The Borderlands of Science (Paperback)

Where Sense Meets Nonsense

By Michael Shermer

Oxford University Press, USA, 9780195157987, 368pp.

Publication Date: September 1, 2002



In The Borderlands of Science, Michael Shermer takes us to the place where real science, borderline science--and just plain nonsense--collide. Shermer argues that while science is the best lens through which to view the world, it is often difficult to decipher where valid science leaves off and borderland, or "fuzzy" science begins. To solve this dilemma, he looks at a range of topics that put this boundary line in high relief. For instance, he debunks the many "theories of everything" that try to reduce the complexity of the world to a single principle. He examines the work of Darwin and Freud, explaining why one is among the great scientists in history, while the other has become nothing more than a historical curiosity. And he reveals how scientists themselves can be led astray, as seen in the infamous Piltdown hoax--the set of ancient hominid bones discovered in England that after decades turned out to be an enormous forgery.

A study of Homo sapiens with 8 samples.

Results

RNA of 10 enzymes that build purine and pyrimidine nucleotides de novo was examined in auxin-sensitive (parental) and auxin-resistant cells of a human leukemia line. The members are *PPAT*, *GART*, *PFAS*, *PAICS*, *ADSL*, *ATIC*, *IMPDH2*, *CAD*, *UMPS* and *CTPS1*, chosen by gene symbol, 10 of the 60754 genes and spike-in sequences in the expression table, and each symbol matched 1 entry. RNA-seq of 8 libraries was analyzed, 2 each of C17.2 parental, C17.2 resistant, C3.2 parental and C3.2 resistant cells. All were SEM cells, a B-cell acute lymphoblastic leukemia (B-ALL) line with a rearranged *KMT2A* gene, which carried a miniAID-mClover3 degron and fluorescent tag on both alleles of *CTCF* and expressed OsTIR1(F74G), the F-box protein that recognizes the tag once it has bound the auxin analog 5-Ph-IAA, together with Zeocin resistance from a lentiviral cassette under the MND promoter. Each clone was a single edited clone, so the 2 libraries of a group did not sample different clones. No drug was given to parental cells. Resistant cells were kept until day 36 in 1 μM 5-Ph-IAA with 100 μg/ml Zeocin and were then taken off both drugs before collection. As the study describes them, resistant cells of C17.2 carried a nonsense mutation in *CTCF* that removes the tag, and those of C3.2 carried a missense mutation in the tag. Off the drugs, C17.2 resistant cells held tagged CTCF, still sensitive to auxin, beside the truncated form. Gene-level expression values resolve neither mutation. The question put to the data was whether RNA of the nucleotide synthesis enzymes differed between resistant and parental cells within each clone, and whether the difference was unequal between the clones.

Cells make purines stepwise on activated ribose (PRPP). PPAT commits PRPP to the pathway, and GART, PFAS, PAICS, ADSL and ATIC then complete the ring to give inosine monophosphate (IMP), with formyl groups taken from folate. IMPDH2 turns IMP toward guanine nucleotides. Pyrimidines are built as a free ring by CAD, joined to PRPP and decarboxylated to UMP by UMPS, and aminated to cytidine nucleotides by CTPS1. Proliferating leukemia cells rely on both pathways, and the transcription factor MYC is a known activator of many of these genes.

From SETI and acupuncture to hypnosis and human cloning, this enlightening book will help readers stay grounded in common sense amid the flurry of supposedly scientific theories that inundate us every day.

About the Author

Michael Shermer is the Founding Publisher and Editor-in-Chief of Skeptic magazine ( and the Director of The Skeptics Society. He is a monthly columnist and contributing editor for Scientific American, and hosts the Skeptics Lecture Series at California Institute of Technology. He has authored several popular books, including Why People Believe Weird Things, How We Believe: The Search for God in and Age of Science, and Denying History. Shermer is also an NPR radio science correspondent. He lives in Los Angeles, California.